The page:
Note to younger riders from an old rider: Sure, have as much fun in the sun as you can, but if you have Northern European ancestry, be aware that too much skin exposed to sun for too long can kill you. Not right away, but much later in life. Skin cancer is no fun at all. I speak from sad experience.
When I was a kid (1940s and ’50s), I spent as much time in the sun as I could. My folks encouraged it, being outdoorsy types themselves, and motorcyclists, to boot. So, in the summer, depending on where we might be living (my dad was an Air Force pilot, so we moved a lot), I’d be outside as much as possible, usually getting sunburns instead of tans, thanks to my English and Scottish heritage. I had light blond hair, green eyes and skin blems aplenty.
My mother had auburn hair, green eyes, was be-freckled and grew up in Abilene, Texas, spending as much time outdoors on horses, bicycles or motor scooters as possible, being the quintessential Texas tomboy girl. My dad was born in Santa Ana, California, and likewise spent every minute he could outside, hiking, fishing, bicycling and in general, having fun in the sun, sunlight being free and money in short supply during the Depression. So, it was natural for them to consider it commonplace for their kid to go outside after school and get those bad sunburns. The fix of the day was suntan lotion.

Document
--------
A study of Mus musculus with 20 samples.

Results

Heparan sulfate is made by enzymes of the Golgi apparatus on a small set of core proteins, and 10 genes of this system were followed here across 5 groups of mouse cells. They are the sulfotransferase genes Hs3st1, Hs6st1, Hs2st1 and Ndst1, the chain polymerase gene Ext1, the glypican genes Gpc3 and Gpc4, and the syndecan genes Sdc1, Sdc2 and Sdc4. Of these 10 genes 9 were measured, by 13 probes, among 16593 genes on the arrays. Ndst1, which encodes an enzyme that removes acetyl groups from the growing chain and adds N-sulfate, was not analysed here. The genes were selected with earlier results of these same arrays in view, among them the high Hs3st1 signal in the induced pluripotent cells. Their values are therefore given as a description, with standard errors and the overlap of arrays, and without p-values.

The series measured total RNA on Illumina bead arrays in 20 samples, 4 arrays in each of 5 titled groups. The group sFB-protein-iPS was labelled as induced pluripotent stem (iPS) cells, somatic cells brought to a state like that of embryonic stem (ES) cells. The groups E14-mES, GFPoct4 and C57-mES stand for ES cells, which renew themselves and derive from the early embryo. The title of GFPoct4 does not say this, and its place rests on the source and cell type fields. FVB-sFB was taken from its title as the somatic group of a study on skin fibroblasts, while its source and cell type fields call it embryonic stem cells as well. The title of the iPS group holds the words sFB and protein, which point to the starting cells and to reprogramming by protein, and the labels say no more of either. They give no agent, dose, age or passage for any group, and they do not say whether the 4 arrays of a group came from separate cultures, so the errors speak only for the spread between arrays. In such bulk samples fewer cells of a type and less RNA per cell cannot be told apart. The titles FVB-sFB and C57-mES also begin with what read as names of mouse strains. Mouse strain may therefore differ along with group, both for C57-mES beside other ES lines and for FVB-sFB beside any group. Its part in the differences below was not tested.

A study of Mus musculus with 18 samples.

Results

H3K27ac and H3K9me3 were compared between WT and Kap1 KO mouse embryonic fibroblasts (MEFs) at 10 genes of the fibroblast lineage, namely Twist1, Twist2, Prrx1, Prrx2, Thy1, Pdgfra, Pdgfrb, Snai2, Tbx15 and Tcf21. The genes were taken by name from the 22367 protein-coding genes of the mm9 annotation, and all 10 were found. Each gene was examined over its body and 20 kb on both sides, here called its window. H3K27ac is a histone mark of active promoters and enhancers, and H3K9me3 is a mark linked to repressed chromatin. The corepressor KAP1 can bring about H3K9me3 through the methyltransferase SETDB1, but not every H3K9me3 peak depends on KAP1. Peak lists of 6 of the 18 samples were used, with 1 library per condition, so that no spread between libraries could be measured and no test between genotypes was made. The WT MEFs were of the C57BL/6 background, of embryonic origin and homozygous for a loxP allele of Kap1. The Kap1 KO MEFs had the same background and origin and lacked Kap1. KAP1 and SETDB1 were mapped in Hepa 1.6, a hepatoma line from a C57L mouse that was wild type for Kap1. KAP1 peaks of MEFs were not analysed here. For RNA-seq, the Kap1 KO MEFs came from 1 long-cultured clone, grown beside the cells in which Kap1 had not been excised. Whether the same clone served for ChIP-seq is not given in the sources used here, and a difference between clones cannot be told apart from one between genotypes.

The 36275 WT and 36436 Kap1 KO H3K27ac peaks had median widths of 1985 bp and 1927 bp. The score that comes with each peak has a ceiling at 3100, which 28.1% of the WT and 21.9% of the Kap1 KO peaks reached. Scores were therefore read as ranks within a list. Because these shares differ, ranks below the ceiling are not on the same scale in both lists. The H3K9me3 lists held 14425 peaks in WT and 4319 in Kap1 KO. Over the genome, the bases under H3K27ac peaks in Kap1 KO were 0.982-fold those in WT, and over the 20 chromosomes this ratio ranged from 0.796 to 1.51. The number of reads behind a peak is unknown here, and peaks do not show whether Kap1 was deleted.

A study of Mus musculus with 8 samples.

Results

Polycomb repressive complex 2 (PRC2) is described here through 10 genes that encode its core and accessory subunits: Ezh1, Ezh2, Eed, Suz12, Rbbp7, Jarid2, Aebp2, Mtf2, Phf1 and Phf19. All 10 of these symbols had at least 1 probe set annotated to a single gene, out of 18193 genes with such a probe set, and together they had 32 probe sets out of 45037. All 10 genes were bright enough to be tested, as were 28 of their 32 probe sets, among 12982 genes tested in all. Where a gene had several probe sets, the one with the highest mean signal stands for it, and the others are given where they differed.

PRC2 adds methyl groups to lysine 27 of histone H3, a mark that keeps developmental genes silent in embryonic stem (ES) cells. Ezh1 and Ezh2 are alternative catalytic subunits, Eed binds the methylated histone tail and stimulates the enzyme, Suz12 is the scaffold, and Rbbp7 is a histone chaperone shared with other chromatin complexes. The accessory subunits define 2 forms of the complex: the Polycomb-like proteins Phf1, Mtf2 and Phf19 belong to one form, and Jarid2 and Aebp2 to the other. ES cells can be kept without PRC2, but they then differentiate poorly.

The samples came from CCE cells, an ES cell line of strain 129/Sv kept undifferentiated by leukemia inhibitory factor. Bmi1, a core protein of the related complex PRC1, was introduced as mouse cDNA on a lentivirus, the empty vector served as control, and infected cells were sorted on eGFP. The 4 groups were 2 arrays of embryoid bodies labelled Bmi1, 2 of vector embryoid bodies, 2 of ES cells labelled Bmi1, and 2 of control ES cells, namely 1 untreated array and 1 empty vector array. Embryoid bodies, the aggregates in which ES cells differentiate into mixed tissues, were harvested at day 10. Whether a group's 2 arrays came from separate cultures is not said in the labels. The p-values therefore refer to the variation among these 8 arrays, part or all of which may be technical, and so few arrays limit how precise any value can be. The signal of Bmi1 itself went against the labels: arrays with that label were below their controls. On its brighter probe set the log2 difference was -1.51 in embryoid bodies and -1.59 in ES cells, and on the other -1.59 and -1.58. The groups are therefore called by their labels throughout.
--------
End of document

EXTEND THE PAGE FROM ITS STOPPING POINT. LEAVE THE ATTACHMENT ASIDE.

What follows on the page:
When I began riding motorcycles in 1963, there must surely have been people warning us against too much sun, but I don’t recall them. So, when summer rolled around, I’d ride as much as I could, usually with a porridge-pot helmet I’d inherited from my dad and whatever clothes I’d throw on to get on the bike. More sunburns ensued.
Fast-forward to today. I am 63 and have had three melanomas and two basal-cell carcinomas. The dermatologists I’ve seen over the years have all said the same thing: These potential killers all probably came from overexposure to sun when I was in my teens and early 20s.
About here is where you’d usually expect an old guy to warn young guys not to do as he did. Not me. My advice is to do what you want in the sun, but be aware of the risks you’re taking. We motorcyclists are risk-takers to start with, just by being out in the traffic without sheetmetal and airbags around us, so we understand risks at the gut level. The key to survival so you can keep on taking the risks you want to take is full understanding of all the risks, and the same sunlight that makes the ride so much more than a car trip can ever be also has to be clearly understood as a risk, too.
There are lots of myths about skin-cancer risks, including that if your heritage, unlike mine, derives from Africa or the Mediterranean or Central America, you don’t need to worry about skin cancer. All people are at risk from ultraviolet radiation that gets through the atmosphere’s ozone layer, so it’ll pay to spend some time reading up on the subject before you ride from L.A. to Chicago wearing only a cool T-shirt, fingerless gloves and a bone-dome open-face helmet. And my wife points out that all too many beautiful young ladies seem to be riding pillion with sleeveless tops, shorts and flip-flops these days.
Enjoy your youth, have fun in the sun, but know what you’re actually doing out there. That way, you might also be able to enjoy middle age and beyond.